Going abroad? These international trains will NOT be running on Monday

Public transport strikes are going international! As the NS announced on Thursday, there will be no trains between the Netherlands and Germany on Monday. The reason? Mass strikes.

That’s not all. Since there will be no trains going to, from, or through Germany, some Swiss and Austrian destinations will also be affected.

So, what’s the deal?

Due to nationwide strikes in Germany, all lines running between the Netherlands and Germany will not be operational on Monday, March 27. 🚄🚫

Unsure of whether or not to pack that suitcase? These are the lines that will be affected:

  • Amsterdam to Frankfurt
  • Amsterdam to Berlin
  • Amsterdam to Basel (Switzerland)
  • All sleeper trains to Switzerland
  • All sleeper trains to Austria

The NS has informed all ticket-holders on how to cancel or rebook their journey (so if you’re among the unlucky travellers, make sure to check your e-mail! 📧).

All aboard the strike train

Public transport workers in Germany are facing similar issues to those of their Dutch counterparts. According to NU.nl, local labour unions Verdi and EVG demand significantly higher wages and better working conditions.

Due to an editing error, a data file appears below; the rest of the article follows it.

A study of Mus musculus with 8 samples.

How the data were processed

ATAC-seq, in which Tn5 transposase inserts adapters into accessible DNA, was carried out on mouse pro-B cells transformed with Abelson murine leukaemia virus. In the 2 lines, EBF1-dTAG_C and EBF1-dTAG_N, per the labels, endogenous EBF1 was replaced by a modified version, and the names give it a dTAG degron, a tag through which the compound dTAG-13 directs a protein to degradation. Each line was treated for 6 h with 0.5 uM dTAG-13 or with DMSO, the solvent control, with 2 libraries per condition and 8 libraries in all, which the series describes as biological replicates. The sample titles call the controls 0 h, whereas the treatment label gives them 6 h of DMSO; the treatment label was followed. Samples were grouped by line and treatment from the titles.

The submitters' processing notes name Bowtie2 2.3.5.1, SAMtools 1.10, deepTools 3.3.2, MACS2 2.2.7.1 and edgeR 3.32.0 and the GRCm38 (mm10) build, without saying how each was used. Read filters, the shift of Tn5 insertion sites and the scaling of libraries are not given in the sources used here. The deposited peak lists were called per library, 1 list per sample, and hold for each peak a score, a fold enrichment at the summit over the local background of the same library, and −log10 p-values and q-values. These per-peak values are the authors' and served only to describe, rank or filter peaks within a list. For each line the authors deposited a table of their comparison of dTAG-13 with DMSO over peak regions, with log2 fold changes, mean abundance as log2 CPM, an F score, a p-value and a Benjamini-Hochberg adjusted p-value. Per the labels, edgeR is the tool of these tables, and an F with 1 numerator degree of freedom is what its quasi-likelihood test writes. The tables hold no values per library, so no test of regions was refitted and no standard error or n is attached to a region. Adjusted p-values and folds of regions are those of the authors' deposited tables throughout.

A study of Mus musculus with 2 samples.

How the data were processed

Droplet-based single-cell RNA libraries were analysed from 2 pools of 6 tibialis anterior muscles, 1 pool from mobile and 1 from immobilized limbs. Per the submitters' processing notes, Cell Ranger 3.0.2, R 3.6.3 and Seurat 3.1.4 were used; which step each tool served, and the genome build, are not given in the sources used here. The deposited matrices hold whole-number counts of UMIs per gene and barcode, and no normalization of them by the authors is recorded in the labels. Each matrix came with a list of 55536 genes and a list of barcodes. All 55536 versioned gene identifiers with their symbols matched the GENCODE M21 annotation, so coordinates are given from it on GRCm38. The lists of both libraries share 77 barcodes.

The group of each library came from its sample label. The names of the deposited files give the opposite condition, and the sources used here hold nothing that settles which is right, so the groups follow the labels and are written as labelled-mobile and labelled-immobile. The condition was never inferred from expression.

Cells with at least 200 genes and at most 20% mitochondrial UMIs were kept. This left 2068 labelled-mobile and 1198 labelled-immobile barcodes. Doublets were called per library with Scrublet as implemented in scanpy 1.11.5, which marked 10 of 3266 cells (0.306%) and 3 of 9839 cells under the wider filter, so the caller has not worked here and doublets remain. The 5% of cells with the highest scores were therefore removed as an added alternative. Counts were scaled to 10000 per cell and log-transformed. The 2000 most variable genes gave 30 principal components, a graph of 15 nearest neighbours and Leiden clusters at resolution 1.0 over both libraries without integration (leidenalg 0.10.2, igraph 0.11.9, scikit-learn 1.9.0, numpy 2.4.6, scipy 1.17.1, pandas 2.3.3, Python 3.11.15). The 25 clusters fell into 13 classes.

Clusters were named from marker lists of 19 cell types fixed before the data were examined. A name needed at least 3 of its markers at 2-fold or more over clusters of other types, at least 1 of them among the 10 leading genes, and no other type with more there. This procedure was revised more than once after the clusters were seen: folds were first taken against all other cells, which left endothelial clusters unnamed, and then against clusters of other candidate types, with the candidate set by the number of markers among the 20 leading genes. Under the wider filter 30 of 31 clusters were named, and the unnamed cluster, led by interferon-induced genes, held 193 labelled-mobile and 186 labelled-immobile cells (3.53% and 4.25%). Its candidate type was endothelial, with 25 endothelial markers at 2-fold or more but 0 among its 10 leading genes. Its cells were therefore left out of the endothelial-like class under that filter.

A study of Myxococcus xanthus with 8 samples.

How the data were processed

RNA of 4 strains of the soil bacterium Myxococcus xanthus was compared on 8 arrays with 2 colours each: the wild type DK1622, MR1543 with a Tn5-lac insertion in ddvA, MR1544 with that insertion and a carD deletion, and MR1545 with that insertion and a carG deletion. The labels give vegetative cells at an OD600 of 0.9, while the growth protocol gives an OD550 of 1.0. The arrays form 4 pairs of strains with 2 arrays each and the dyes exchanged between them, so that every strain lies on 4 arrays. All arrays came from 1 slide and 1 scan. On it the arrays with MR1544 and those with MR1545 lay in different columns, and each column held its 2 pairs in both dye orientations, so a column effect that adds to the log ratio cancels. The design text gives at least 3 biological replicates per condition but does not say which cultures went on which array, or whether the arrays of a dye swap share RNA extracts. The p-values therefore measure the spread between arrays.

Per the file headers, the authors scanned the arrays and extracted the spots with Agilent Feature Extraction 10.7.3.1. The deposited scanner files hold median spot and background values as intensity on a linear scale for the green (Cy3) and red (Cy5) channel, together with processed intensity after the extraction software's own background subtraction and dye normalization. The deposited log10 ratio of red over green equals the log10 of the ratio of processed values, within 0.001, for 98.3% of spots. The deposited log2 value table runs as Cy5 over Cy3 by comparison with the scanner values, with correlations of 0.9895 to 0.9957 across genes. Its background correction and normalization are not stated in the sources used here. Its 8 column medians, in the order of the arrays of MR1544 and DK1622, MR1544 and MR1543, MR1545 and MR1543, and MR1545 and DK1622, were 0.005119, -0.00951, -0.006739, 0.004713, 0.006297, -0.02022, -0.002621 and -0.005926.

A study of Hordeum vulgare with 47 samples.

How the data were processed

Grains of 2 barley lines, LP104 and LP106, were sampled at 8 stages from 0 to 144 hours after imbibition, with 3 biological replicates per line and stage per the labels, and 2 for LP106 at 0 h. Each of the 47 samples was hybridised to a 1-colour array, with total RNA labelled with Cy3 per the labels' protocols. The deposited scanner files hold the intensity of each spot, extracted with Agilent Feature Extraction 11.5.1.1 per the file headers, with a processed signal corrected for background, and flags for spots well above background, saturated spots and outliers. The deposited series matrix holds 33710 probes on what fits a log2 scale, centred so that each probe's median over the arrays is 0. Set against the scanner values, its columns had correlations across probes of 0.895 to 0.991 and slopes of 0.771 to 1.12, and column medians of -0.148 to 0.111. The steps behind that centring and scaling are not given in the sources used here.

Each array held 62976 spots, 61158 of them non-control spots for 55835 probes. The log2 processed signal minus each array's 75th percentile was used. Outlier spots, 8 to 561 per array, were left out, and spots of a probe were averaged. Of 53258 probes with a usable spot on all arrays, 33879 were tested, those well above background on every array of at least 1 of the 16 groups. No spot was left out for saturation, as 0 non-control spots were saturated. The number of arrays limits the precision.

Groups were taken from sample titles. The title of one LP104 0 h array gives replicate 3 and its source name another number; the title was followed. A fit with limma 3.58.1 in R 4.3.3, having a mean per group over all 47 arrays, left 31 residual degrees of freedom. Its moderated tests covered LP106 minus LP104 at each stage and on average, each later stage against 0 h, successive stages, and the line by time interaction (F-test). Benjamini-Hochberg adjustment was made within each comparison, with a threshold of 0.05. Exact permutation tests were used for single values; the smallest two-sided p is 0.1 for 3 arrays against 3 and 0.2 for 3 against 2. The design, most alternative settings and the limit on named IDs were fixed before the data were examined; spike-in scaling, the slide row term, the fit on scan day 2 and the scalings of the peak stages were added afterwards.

Since a collective agreement does not seem to be on the cards any time soon, the labour unions are calling for a “Mega Streik” — a mass strike. Uh-oh. 🫢

Trains, trams and busses will not be running, and even aviation personnel are walking away from their work.

Upset travellers

The labour unions behind the strike negotiate on behalf of millions of employees. So, you guessed it: nothing will be moving throughout Germany on Monday.

Unsurprisingly, the announcement of this mass strike is already causing chaos among thousands of passengers wishing to travel to and from Germany.

Many of them have taken to social media to express their frustration. 👇

What do you think about Germany’s plan for a mass strike? Tell us in the comments!

Feature Image:Pixabay
Lyna Meyrer
Lyna Meyrer
Originally from Luxembourg, Lyna moved to the Netherlands for her studies — not expecting to fall in love with all things Dutch as much as she did. After having lived the big-city life in Amsterdam and Utrecht, she's now a local of charming little Leiden. When she's not desperately trying to keep her plants alive, she can be found writing to-do lists, going on long coffee walks, or working up a sweat at the gym.